Rita K. Adeniran, DrNP ’11

“Drexel helps you be the best version of yourself. It’s where the sky is the limit,” says Rita K. Adeniran, DrNP ’11. For Adeniran, life experience inspired a passion for nursing, helping other nurses reach their full potential, and promoting the value of inclusion. Drexel’s College of Nursing and Health Professions (CNHP) gave her the tools to be an important contributor to the field.

“I grew up in a village in Nigeria,” says Adeniran. “I didn’t fully understand what nurses do, but I thought of them as smart and professional. I dreamed of being one of them.” She was adamant about following that dream despite facing considerable discrimination. “I was a confident and intelligent girl in a patriarchal society,” she explains. “Sometimes books were not purchased for me because I was considered a waste of resources.”

In nursing school, she encountered the same barriers. In Nigeria, nurses are groomed to be subordinate to physicians. “I loved nursing, but there were limitations for advancement,” she says.

Moving to the United States was life changing. “Nursing in the U.S. is everything I wanted it to be,” says Adeniran. “As a nurse, I could use my brain. I provide specialized care, advocate for patients, and leverage my critical thinking skills, working side by side with physicians and other members of the interprofessional care team for the best health outcomes.”

She pursued advanced education in nursing knowing that it was the key to fulfilling her ambitions.

Still, she sometimes struggled to be seen as capable and accomplished as she was. “People saw my differences — my born country and my accent — and equated those differences with lower intelligence,” she says.

Drexel was different. Adeniran came to Drexel to earn her doctorate in nursing practice, an important step to reaching executive levels of health care administration, and she felt accepted right away. “Drexel really values diversity and empowered me by letting me know I belonged,” she says.

Drexel’s emphasis on experiential education stood out to Adeniran. As a student, she was also working full time as a Global Nurse Ambassador in the University of Pennsylvania’s Health System. She says that everything she did at Drexel applied directly to her work as a Global Nurse Ambassador and to her development of inclusion programs for both American and internationally trained nurses. “When nurses of diverse backgrounds understand, include and listen to each other, and when they have opportunities for professional advancement, quality of care for patients improves,” she says.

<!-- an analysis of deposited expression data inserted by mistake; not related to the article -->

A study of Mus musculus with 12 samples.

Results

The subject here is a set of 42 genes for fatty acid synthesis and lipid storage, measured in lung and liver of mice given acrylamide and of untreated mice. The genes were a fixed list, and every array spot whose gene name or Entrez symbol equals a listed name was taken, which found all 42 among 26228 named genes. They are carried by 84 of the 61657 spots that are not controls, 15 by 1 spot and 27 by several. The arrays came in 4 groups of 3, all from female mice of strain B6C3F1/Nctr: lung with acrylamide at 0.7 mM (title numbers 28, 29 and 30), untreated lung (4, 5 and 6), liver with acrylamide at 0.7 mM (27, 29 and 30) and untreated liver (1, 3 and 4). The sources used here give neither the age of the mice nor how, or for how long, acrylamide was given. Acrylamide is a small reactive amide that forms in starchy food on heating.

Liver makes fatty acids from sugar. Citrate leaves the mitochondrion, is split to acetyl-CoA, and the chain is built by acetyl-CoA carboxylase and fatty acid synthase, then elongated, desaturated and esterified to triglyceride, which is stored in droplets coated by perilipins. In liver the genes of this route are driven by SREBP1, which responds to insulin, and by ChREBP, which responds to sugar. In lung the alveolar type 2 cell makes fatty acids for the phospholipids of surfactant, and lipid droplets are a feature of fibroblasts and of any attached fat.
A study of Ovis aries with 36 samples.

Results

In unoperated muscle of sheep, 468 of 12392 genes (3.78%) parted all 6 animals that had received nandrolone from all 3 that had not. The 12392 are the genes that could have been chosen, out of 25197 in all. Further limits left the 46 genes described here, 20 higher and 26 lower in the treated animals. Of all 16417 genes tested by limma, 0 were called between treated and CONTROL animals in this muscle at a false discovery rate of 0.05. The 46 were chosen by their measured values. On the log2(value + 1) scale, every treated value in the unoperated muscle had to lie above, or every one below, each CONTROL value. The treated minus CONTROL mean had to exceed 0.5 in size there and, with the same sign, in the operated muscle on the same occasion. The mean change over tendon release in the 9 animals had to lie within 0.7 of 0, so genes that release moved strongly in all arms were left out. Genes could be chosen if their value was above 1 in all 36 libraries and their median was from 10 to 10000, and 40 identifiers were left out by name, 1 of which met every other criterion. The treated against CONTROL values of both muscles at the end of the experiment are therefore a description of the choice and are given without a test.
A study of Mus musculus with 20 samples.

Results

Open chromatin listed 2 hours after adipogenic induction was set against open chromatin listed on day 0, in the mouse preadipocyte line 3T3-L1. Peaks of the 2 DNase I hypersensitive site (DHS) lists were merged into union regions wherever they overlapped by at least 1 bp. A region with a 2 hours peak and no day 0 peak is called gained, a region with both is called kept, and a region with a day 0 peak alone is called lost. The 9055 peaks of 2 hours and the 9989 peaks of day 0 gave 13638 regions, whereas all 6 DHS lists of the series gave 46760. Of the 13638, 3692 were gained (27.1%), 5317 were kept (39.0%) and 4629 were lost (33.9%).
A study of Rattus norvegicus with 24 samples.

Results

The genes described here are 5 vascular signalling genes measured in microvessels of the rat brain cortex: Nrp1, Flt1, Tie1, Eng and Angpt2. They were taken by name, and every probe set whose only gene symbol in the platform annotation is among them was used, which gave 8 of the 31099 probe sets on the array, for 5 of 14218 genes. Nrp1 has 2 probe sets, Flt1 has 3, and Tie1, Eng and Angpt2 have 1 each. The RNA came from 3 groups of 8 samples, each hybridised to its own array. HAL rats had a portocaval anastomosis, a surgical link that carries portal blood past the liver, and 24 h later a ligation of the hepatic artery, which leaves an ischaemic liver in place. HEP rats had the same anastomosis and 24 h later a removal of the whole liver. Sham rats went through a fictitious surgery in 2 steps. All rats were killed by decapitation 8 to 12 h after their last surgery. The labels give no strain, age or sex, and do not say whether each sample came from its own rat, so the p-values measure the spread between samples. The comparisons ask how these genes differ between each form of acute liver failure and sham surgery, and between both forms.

Today, Adeniran continues the work of opportunity and inclusion as assistant clinical professor of Drexel’s CNHP and as president and CEO of Innovative and Inclusive Global Solutions, a Philadelphia-area consulting firm that helps health care organizations maximize the potential of their diverse staffs.

Reflecting upon Drexel’s role in her life, Adeniran remarks, “Drexel equipped me with the knowledge, skills and attitudes necessary to advance in my profession. I could not be prouder to be a faculty member, and I give back regularly to advance academic excellence and expand research. I’m proud to be a Dragon!”

Supporting health care providers is more important than ever.

Around the world, nurses and midwives are often the main or only providers of health care in their communities. The World Health Organization has named 2020 the Year of the Nurse and Midwife to honor the critical role they play in serving the public and to advocate for greater investment in the field. Here at Drexel, we’re celebrating by showcasing the tremendous accomplishments of the College of Nursing and Health Professions and its alumni.